Warrior the 2011 drama set a niche for itself without falling into the tempting trap of a tried and tested formula which, believe me, has a lot of siphoning power. You get sucked into it without even realizing that you are entering an unforgiving loop that annihilates creativity.
It has been directed by Gavin O’Connor, who together with Cliff Dorfman wrote the screenplay of the same. A lot of credit has to be given to the duo to realize their aim and follow a path with almost blinders on. They created something that set very strong precedence and something which would be talked about every time this fight/drama genre would be explored. It would be hard to surpass the benchmarks set.
As much as we want the film to be about MMA or boxing, it’s not that exactly. Yes the fighting and action knits the whole narrative together but the essence of the film is not only about it, no matter how significant part it plays in the lives of the characters.
Tom Hardy plays Tom Conlon, who was forced to move with his mother to another town, due to an alcoholic father. The elder brother, Brendon (Joel Edgerton) chooses to not come with them and stays to marry his partner Tess (Jennifer Morrison) and start a family with her. As much animosity is there inside Tom pertaining to his father, he also has bitter feelings for Brendon. Tom always believed that his elder brother abandoned him when he needed him the most. Brendon on the other hand was on the brim of adulthood and his love for Tess overpowered everything else. He saw his sustainable future with her.
Tom joins the marines and Brendon becomes a physics teacher. But fate had decided something completely different for the brothers.
Tom becomes a war hero for some and a traitor for others. He abandons his troop and without telling anyone makes his way back home. But on the way, he finds a few of his comrades stuck in a life-or-death situation and saves them. The answer to the question of whether Tom was a loyalist or Judas under the skin of a patriot depended upon the perception of those few standing on the front line. Tom’s colleague, whom he called his brother, died on the battlefield with several others, but Tom survived. He had promised his colleagues’ wife, Pilar Fernandes, to provide her with everything he could.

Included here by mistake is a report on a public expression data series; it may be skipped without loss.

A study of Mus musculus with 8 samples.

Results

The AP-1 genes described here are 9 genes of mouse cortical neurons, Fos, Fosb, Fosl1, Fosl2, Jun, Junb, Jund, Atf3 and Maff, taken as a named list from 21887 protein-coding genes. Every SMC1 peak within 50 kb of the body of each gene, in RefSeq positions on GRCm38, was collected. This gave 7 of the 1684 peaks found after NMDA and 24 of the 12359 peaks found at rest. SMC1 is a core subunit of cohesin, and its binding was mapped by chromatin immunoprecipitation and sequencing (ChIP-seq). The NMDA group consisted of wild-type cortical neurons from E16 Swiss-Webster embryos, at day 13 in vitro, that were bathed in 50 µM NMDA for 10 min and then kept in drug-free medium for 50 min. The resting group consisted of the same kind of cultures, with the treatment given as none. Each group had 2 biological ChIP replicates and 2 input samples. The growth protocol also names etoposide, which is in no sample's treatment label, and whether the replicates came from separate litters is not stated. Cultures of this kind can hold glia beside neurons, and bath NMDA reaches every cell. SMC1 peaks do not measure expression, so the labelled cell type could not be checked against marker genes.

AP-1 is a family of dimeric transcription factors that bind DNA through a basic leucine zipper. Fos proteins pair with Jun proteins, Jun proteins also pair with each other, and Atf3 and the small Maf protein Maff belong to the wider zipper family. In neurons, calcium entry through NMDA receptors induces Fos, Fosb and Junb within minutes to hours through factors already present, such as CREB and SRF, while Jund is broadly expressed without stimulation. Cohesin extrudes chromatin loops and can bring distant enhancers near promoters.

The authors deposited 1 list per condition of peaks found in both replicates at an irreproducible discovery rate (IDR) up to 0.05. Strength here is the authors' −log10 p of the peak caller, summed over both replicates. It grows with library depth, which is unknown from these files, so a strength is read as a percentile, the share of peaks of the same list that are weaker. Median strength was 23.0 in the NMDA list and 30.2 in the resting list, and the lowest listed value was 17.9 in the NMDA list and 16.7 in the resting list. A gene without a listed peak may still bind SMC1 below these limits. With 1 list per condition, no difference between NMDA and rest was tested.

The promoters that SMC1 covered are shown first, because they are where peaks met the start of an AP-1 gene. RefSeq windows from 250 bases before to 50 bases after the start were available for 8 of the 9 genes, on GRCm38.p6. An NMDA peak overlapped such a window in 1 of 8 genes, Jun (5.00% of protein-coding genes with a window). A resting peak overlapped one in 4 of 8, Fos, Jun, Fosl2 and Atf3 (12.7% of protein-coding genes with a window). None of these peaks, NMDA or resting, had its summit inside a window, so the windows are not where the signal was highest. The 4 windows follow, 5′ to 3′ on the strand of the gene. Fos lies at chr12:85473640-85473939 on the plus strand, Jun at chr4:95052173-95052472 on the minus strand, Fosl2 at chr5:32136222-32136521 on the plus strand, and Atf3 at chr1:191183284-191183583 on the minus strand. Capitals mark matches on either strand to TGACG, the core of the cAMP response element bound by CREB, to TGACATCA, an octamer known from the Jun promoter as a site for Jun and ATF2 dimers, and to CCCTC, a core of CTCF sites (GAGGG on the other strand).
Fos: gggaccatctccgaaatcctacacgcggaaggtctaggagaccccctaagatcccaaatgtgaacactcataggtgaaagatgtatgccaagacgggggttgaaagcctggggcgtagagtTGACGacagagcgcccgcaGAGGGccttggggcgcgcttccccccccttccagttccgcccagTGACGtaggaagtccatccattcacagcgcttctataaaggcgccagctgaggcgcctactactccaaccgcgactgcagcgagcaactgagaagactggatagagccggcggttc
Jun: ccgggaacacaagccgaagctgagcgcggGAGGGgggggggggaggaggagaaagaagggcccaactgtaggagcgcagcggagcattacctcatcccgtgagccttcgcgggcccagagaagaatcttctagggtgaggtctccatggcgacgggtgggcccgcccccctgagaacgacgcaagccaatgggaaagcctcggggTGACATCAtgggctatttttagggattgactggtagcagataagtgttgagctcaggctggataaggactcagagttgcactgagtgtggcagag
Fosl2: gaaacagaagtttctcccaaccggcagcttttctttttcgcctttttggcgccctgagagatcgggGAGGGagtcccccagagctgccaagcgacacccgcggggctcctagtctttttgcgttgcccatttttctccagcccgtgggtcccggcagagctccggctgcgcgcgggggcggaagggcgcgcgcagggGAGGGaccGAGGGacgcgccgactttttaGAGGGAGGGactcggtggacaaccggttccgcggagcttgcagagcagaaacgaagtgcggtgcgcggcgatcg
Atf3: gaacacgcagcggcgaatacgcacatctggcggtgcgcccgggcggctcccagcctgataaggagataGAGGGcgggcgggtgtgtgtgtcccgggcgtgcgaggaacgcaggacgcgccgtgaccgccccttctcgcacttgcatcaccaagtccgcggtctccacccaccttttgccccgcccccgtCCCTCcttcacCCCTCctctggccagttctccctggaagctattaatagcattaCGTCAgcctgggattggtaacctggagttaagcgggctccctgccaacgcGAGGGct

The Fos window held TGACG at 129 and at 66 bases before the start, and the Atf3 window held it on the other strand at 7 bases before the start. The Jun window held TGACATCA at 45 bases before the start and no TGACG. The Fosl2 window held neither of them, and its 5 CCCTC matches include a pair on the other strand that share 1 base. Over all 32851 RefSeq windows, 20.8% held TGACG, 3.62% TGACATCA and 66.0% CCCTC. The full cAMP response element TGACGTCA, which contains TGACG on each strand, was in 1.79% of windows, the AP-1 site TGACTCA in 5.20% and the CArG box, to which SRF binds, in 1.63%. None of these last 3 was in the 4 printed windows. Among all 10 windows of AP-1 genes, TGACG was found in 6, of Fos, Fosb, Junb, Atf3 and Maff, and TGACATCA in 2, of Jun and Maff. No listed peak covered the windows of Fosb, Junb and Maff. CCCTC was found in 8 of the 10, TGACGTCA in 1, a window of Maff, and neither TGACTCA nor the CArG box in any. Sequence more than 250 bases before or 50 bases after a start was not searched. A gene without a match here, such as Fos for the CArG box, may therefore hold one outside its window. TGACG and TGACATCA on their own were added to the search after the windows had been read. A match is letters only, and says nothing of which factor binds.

Brendon on the other hand has his set of hurdles. He isn’t able to pay the mortgage of his house and the bank threatened to confiscate his property. He had put it on the mortgage to pay for the surgery of his ailing daughter. What both brothers have in common is the hatred they have for their alcoholic father, whom they blame for spoiling their childhood.
An MMA event is announced with a cash prize of five million dollars and both Tom and Brendon see it as an opportunity to overcome their struggles. What they didn’t know was that they would themselves become the final obstruction in each other’s way.
What made Warrior Different?
So how do you not draw any inspiration from the great films of the same genre that have left their imprints on the sands of time? Whenever you are choreographing a scene or writing the dialogues, your memory puts you back in a world created once by John Davidson and Sylvester Stallone in the Rocky series. And there are numerous examples present of the same cadre. Whatever you plan on doing, it has already been done.
This is where your innovativeness and hold over the craft come into the picture. Apart from this your drive to create something that is unique in your own self also plays a key role. Warrior would have been a success commercially even if ideas and nuances would have been taken from the previous films. The filmmaker could have chosen to take an existing foundation and built around that. It would have been more convenient.
But convenience does not create a monument of wonder. I agree the inspirations can be there because there is no such word that can be called totally original. But the way you adapt it and make it resonate with yourself is what matters. Warrior does the same. The focus is not on the fight rather it’s on a broken family and the strings that still bind them. It’s about an alcoholic father who realizes what he has lost and how he can never get back those times. It’s about an elder brother who bears the guilt of abandoning his brother to merely live with the love of his life. It is also about a naive youth who had to leave home and bear the responsibility of looking after a terminally ill mother and finally burying her all alone with the hands that were too young to do so.
Even during the fights these emotions prevail giving us a sense of originality.
Warrior makes sure to let its audience know that boxing and MMA are a part of the lives of the characters. But their life encumbers pastures far greater than the area of a boxing ring. It’s not Rocky and neither does it pretend to be any other thing. It’s about something that matters the most. It’s about breathing life into the bonds that turned foul and bitter over a period of time. It’s about being able to finally shed and tear and get rid of the burden.